NEWSFLASH: Court Defends Innovation In DOJ Antitrust Suit, A Victory For American Consumers And Businesses
US District Judge Amit Mehta has dismissed state Attorneys’ General claims that Google’s search results harmed competition. The ruling is an unequivocal win for consumers and American businesses who benefit from innovative search results that make information available quickly and easily.
States spent three years and countless taxpayer dollars pursuing claims that had been dismissed by the FTC 10 years ago. The suit was driven not by consumers, but Google’s commercial rivals. The court’s ruling underscores that antitrust protects innovation that benefits consumers with better products and more choice—spurring competition.
Here’s what you need to know about Friday’s decision and its impact on American consumers and businesses.
US District Judge Amit Mehta concluded that the States lack evidence to support their anticompetitive harm claims against Google. “Plaintiffs’ theory of anticompetitive harm rests on a multi-linked causal sequence that relies not on evidence but almost entirely on the opinion and speculation of its expert … Simply put, there is no record evidence of anticompetitive harm in the relevant markets resulting from Google’s treatment of SVPs.”
CCIA President Matt Schruers notes that it is “encouraging to see recognition of the fact that US law does not protect competing companies from the competition.” “The government plaintiffs simply didn’t bring the goods … A common theme in today’s ruling, yesterday’s motion in limine by DOJ … and the recently proposed Merger Guidelines is US enforcers’ recent unwillingness or inability to engage with pro-competitive aspects of a business decision.”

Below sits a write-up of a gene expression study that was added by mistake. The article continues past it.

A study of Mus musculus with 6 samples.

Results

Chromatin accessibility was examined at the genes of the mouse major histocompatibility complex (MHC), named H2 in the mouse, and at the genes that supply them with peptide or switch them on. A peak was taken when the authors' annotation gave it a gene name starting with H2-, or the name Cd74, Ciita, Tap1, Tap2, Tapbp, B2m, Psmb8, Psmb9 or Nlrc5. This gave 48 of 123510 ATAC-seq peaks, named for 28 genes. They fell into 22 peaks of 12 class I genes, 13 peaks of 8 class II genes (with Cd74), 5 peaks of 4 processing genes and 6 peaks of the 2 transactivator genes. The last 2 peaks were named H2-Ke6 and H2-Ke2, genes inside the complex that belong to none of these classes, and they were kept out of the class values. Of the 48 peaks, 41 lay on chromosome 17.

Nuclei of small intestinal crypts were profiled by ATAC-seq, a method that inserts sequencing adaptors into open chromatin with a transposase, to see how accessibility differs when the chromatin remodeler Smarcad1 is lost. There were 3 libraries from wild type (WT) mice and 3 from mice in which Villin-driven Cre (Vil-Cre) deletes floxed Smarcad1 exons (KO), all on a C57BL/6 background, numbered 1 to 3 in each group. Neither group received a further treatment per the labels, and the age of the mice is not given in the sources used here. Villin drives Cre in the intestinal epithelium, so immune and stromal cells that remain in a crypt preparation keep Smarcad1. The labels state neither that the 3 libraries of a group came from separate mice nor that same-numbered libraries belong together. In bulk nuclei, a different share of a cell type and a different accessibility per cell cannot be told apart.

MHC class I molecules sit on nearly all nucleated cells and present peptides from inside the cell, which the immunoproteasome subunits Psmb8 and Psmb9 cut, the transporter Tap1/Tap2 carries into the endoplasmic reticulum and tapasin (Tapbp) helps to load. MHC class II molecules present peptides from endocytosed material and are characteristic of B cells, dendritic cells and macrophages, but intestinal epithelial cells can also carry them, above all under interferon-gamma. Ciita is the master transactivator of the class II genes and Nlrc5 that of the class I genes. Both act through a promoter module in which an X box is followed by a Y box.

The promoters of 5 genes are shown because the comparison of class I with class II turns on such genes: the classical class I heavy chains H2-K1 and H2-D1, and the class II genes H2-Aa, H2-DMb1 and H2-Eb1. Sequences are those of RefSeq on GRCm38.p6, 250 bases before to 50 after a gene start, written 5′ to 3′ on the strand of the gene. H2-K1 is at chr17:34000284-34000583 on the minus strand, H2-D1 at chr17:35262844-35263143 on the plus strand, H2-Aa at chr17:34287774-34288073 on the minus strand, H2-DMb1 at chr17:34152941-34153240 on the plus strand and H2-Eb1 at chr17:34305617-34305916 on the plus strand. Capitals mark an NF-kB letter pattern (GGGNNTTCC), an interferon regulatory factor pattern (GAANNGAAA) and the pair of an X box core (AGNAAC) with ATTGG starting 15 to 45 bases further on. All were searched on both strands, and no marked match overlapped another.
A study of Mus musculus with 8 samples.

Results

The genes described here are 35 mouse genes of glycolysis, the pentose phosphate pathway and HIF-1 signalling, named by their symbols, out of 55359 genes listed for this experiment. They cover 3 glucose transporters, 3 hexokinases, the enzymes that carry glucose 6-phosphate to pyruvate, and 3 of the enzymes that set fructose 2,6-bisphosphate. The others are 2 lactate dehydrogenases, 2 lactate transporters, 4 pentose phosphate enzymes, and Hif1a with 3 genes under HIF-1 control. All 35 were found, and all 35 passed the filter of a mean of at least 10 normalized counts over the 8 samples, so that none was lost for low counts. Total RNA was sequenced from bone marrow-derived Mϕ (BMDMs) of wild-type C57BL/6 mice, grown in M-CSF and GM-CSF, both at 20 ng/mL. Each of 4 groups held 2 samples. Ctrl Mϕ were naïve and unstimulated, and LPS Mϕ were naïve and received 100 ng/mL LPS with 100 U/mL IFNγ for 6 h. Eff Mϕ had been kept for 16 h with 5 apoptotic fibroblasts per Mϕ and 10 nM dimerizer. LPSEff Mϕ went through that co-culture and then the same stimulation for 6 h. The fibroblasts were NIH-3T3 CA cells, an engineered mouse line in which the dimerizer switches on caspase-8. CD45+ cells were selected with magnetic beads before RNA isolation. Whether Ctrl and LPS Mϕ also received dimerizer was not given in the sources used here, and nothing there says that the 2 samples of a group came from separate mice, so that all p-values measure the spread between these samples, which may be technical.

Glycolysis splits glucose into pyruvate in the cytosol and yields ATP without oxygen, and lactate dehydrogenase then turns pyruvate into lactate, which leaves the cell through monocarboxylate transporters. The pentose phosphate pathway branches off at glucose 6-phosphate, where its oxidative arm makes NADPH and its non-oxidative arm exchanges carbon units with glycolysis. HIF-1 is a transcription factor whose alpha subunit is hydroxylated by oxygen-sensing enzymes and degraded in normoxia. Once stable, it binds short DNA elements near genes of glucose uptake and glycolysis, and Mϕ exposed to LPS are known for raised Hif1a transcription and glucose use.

Chamber of Progress CEO Adam Kovacevich hopes that the Court’s decision will motivate further innovation within the industry. “Specialized sites have tried every avenue – FTC, federal legislation, now this CO AG suit – to force  anti-consumer changes to G’s search result design. Let’s hope this loss convinces them to put their efforts into innovating instead … Today, G universal results look much better than when they first launched 16 years ago – to consumers’ benefit.”
Laura Phillips-Sawyer, an associate professor at the University of Georgia School of Law, tells the Wall Street Journal that the Court’s decision isn’t surprising given the lack of charges in past investigations into comparable allegations against Google.
Beth Egan, an associate professor of advertising at Syracuse University’s Newhouse School of Public Communications, praises the decision’s protection of small businesses. “What Attorneys General and the policymakers that want to rewrite U.S. law drastically fail to understand is that the current online ecosystem works well for small businesses … Whether buying affordable keyword ads through Google or relying on free tools and SEO to promote your business, it has never been easier or more affordable for small businesses to find customers and compete with much larger brands. If regulators or policymakers change how that ecosystem works, it will certainly impact small businesses, who cannot afford to be the collateral damage in Washington’s war on leading technology companies.”
To learn more about the importance of innovation and competition in tech, click here.